Chop Protein Suppresses the Immune Response in Cancer

The Chop protein, not to be confused with the CHOP chemotherapy regimen for lymphoma (Cyclophosphamide, Hydro doxorubicin – Adriamycin, Oncovin – vincristine, and Prednisone), is a multifunctional transcription factor. This 29 kda protein that is produced following unfolded protein stress in the endoplasmic reticulum, which then triggers apoptosis.


In addition to being a stress sensor, Chop (CCAAT-enhancer-binding protein homologous protein) has also been shown to enhance cytokine production in macrophages.

Research by Paulo Rodriguez and his colleagues at LSU published in September 18th issue of Immunity demonstrated that the stress sensor C/EBP-homologous protein (Chop) regulates the function of MDSCs – mesenchymal derived suppressor cells. MDSCs are involved in cancer, inflammation and infection. MDSCs not only inhibit the immune response that destroys cancer cells, but they also promote the growth of new blood vessels that feed tumors, as well as the spread of cancer by promoting EMT – epithelial-mesenchymal transition through the activation of EGF (epidermal growth factor), HGF (hepatocyte growth factor), and TGF-β pathways.


MDSC’s also suppress the immune response in cancer by expanding Treg cells (which abrogate the cytotoxic T-cell activity in the tumors) and by inhibiting the expansion of CD4 (T-helper cells).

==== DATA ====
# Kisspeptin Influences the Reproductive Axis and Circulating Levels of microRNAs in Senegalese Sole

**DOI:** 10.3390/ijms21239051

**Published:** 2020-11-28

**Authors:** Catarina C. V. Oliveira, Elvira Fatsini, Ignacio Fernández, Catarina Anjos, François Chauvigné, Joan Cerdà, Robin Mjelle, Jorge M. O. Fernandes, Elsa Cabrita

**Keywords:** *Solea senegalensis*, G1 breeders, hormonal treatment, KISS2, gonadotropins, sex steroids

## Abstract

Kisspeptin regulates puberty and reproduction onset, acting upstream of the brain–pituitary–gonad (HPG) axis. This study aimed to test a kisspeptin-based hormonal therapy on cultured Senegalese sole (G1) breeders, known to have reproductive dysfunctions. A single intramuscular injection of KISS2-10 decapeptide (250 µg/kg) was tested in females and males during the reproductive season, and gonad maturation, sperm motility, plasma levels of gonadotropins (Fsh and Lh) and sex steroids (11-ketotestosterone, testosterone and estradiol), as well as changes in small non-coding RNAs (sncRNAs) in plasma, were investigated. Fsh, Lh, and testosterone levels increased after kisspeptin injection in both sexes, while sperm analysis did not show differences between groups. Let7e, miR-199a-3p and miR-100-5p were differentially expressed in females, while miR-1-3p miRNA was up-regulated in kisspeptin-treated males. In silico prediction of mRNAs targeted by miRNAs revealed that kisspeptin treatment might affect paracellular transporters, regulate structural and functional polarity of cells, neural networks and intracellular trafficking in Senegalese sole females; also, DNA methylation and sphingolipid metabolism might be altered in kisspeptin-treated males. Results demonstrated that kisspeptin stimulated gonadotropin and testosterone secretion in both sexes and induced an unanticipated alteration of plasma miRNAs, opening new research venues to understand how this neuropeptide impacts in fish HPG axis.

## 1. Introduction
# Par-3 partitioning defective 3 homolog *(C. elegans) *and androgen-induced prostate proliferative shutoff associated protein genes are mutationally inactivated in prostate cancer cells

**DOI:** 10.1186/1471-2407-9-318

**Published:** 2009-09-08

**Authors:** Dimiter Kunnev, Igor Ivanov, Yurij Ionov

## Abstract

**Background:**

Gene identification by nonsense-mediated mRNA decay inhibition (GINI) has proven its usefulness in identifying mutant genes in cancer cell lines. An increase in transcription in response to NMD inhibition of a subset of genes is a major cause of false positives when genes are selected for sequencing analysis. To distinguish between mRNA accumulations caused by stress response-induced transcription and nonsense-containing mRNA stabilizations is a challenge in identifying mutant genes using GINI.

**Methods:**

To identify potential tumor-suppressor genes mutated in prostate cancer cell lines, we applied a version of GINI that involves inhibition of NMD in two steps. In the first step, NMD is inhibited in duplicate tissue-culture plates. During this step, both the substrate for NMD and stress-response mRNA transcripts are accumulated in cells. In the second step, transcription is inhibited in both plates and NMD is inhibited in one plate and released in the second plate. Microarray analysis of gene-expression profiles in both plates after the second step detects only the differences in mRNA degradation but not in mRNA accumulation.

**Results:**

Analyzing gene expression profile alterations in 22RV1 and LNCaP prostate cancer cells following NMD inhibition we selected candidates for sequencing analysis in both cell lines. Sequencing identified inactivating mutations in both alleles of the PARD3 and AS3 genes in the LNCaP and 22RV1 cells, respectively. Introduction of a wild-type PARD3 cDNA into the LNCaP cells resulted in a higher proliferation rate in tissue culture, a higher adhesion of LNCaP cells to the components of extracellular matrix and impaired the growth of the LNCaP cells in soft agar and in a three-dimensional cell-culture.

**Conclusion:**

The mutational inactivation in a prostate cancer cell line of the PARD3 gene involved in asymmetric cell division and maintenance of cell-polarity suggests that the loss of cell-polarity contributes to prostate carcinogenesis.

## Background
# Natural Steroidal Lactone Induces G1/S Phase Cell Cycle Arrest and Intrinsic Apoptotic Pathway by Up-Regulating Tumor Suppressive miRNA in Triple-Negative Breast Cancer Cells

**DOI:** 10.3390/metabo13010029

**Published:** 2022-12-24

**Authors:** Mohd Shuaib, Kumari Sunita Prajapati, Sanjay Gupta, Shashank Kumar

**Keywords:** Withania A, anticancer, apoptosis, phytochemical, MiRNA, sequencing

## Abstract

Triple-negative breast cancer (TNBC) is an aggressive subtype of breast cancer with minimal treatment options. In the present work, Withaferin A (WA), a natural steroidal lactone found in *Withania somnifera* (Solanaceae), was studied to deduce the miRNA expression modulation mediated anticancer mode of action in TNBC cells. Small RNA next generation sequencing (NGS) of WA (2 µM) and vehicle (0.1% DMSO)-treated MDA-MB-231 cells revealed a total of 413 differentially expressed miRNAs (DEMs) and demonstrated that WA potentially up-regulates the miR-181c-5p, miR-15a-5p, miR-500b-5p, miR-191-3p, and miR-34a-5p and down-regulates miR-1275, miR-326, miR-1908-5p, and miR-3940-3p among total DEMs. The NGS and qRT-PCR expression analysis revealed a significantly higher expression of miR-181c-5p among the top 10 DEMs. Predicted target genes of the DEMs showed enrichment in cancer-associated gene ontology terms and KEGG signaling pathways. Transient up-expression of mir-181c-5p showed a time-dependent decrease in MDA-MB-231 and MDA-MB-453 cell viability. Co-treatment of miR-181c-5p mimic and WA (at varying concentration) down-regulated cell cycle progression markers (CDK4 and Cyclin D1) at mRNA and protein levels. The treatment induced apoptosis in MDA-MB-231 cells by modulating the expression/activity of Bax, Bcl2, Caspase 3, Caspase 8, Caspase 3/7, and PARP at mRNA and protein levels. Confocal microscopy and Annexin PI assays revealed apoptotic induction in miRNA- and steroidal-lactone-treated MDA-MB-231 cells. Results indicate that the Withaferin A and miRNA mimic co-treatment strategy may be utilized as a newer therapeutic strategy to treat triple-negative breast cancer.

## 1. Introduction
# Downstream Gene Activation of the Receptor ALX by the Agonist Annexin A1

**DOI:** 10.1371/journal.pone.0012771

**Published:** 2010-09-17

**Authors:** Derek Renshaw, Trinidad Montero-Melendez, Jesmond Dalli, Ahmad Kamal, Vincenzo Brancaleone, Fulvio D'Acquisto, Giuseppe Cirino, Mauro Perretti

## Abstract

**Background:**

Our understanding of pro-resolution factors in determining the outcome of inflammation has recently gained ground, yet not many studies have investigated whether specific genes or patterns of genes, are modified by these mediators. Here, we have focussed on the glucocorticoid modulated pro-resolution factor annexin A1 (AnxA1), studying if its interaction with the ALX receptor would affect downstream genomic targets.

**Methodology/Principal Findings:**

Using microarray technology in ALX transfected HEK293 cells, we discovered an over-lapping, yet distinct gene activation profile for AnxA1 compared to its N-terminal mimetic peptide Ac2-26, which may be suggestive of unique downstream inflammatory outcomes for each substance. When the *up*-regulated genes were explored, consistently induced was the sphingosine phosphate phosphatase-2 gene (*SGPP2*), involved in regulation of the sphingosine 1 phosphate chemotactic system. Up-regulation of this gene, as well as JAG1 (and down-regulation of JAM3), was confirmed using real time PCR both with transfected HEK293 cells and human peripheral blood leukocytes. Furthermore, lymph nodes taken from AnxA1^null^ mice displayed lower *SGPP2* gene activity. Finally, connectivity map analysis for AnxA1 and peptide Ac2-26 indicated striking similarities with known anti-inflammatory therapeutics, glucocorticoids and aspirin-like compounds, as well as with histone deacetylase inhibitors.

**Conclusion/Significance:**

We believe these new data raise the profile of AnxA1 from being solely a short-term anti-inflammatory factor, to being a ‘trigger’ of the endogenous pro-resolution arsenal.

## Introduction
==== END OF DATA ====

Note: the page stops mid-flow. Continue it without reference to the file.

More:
Mesenchymal stromal cells (MSCs) are multilineage progenitors with immunomodulatory properties, including expansion of immunomodulatory leukocytes such as regulatory T lymphocytes (Tregs) and tolerogenic dendritic cells. We report that human MSCs can expand CD14−CD11b+CD33+ human myeloid-derived suppressor cells (MDSCs). MSC-expanded MDSCs suppress allogeneic lymphocyte proliferation, express arginase-1 and inducible nitric oxide synthase, and increase the number of Tregs. This expansion occurs through the secretion of hepatocyte growth factor (HGF), with effects replicated by adding HGF singly and abrogated by HGF knockdown in MSCs. In wild-type mice, the liver, which secretes high levels of HGF, contains high numbers of Gr-1+CD11b+ MDSCs, and injection of HGF into mice significantly increases the number of MDSCs. Expansion of MDSCs by MSC-secreted HGF involves c-Met (its receptor) and downstream phosphorylation of STAT3, a key factor in MDSC expansion. Our data further support the strong immunomodulatory nature of MSCs and demonstrate the role of HGF, a mitogenic molecule, in the expansion of MDSCs.

The team confirmed their findings by deleting Chop and studying the effect. They found that the absence of Chop not only reduced the ability of MDSCs to inhibit T-cells and suppress immune response, but also boosted the effectiveness of treatment.

“Our data demonstrate the central role of Chop in MDSCs’ suppressive activity and suggest the feasibility of overcoming it by blocking Chop,” concludes Dr. Rodriguez.